Anyone who's suffering from Battle of the Bands fatigue out there, I feel your pain. And yet, here I am, stealing Elaine's headline and taking up more space on the interwebs about them. I know, I'm part of the problem.
So why bring these competitions up again? A couple of reasons: first, Dan Shapiro has offered "Another Look at that Pepsi Battle of the Bands" over on his blog at CityWeekend (go read it here); second, the Global Battle of the Bands that I mentioned before here, has been taking a bit of stick on Douban of late.
Dan makes some interesting points in his piece and argues that the exposure the bands receive is far greater than that for bands who remain underground and gig at mid-sized venues. He admits that the sticking point is the sacrifices a band may have to make in terms of their artistic vision, but argues that sticking with an indie label doesn't mean you get a carte blanche artistically either:
"Of course, mainstream labels may limit artistic control; singing with an indie label should ensure your band receives complete creative license. But wait, in Shanghai, singing with a local label means you may have to change your sound, your style, your hair (Little Nature) and even your band name (MOMO / Happy Strings), in order to fit the target demographic."This is a fair point in regard to Soma - they have changed the artists they've taken on board. Andy wrote a while back about the changes to Momo's appearance and when I interviewed lead singer Ding Jia nearly a year ago I asked her about why the band had changed their sound so dramatically and she simply said "because we signed with the label." She didn't bat an eyelid.
But then ultimately, my feeling on this is that you're talking about two different things here. Dan (and Abe before him) are right: if you want to get popularity and fame regardless of what kind of music you're playing or what you look like etc, Pepsi's thing is perfect. The exposure is huge and the fact that Pepsi are behind it all means that they'll be pushing your image all over the place. But it'll be your image the way they want it to be and it'll be an image that Chinese authorities can stomach on prime-time TV. So if you want to maintain your artistic integrity then maybe, just maybe, taking part in a soft-drink sponsored competition on prime-time Chinese TV isn't the way to go about it. What do you really expect?
So what about the Global Battle of the Bands then? Well, the comments on Douban started out as a few people moaning about having to pay for entry to see a few bands play a couple of songs each, especially as the entry fee is the same as the sign-up fee for the bands. Someone then threw in that they thought this was shanzhai event and that people should be wary of it.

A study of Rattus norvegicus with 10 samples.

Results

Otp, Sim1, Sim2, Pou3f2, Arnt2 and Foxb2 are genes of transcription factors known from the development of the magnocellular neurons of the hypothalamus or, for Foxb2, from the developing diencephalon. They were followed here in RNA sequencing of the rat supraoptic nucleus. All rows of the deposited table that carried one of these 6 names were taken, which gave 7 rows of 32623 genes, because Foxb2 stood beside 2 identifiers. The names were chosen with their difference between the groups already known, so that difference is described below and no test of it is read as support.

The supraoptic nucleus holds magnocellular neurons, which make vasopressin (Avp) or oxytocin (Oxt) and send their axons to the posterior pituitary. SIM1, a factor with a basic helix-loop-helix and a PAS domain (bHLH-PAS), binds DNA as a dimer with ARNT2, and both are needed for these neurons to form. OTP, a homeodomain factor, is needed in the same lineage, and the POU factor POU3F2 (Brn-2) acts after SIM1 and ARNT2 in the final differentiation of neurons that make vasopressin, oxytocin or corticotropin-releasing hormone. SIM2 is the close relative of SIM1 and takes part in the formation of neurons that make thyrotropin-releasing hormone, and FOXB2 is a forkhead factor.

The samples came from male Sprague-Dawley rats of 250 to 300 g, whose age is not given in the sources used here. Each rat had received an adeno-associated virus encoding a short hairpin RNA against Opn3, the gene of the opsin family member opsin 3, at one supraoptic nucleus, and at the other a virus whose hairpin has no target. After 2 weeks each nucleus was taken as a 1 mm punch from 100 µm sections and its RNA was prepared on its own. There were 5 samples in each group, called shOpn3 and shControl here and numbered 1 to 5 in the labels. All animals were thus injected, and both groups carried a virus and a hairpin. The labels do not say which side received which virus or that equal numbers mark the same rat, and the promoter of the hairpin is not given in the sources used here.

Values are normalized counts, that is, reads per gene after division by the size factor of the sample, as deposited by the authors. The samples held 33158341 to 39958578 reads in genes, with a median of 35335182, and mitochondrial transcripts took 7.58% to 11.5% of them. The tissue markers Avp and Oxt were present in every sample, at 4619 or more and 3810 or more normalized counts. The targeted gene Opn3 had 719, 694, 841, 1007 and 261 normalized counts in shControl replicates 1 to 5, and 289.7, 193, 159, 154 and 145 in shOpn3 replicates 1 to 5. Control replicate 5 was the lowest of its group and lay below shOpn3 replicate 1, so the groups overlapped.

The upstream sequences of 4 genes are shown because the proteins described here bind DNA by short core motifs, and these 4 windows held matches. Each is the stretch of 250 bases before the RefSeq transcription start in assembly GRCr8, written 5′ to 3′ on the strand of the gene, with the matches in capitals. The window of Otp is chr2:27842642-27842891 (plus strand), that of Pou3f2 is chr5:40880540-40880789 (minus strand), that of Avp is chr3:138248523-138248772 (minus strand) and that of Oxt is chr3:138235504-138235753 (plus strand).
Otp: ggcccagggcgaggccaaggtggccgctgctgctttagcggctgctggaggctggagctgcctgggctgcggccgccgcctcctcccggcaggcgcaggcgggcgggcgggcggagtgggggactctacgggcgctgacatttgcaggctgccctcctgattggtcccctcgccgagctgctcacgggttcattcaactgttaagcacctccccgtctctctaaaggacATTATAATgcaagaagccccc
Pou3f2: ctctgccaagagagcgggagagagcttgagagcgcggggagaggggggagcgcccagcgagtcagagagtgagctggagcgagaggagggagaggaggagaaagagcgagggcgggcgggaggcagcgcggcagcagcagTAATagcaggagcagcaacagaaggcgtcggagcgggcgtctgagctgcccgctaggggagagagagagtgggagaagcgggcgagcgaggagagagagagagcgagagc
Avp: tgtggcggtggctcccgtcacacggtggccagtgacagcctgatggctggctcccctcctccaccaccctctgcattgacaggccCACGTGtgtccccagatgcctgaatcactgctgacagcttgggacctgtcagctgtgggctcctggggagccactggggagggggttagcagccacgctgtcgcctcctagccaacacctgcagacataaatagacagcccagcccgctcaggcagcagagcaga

Lu, who works at Yuyintang, has sprung to the event's defense. First, he admits that he doesn't quite agree with charging a door fee, but that by buying a ticket, friends of the band can come and support the bands as the crowd gets to vote. This is what happened last year - Dovetail Joints' friends were in far greater attendance than friends of the other bands (probably not helped by it being in the Melting Pot) and it helped them swing the vote.
I don't get where the shanzhai comment comes from, but I do wonder if people who had their fingers burnt with the Pepsi band contest, rightly or wrongly, are now wary of participating in the GBOB. Anyway, here are the bands who have signed up (as of Saturday) according to Lu:
五便士 (Five Pence)
Alec Haavik Friction Seven
He also included K.E. on that list, but a member of the band has posted on the thread to say they've withdrawn (it's probably related to the fact they're looking for a drummer at the moment).
There's a few foreigner bands in there (plus October Capricorn who I thought were from Hangzhou, but I could be wrong) and there have been a couple of comments about bands made up of foreigners based in Shanghai representing China. Last year, Dovetail Joints, a band made up of Westerners, went on to represent the mainland (they won the Shanghai round of the competition, the only mainland event last year) in Hong Kong.
There's still a couple of weeks to go until the competition and bands can still sign up for the Shanghai round so maybe some more Shanghainese bands will be added to that list above but, ultimately, if a band is gigging regularly in a city and contributing to the scene there, why shouldn't they be considered representative of that city? Lu puts it better than me: "Shanghai is an international city - foreigners, people from outside of Shanghai, Shanghainese, their lives are here and they're all a part of Shanghai."
Oh, in case you're wondering, the photos are of Harry Hui at the Pepsi finals (where's Jarvis Cocker when you need him eh?) and October Capricorn rocking out that I stole from here and here respectively.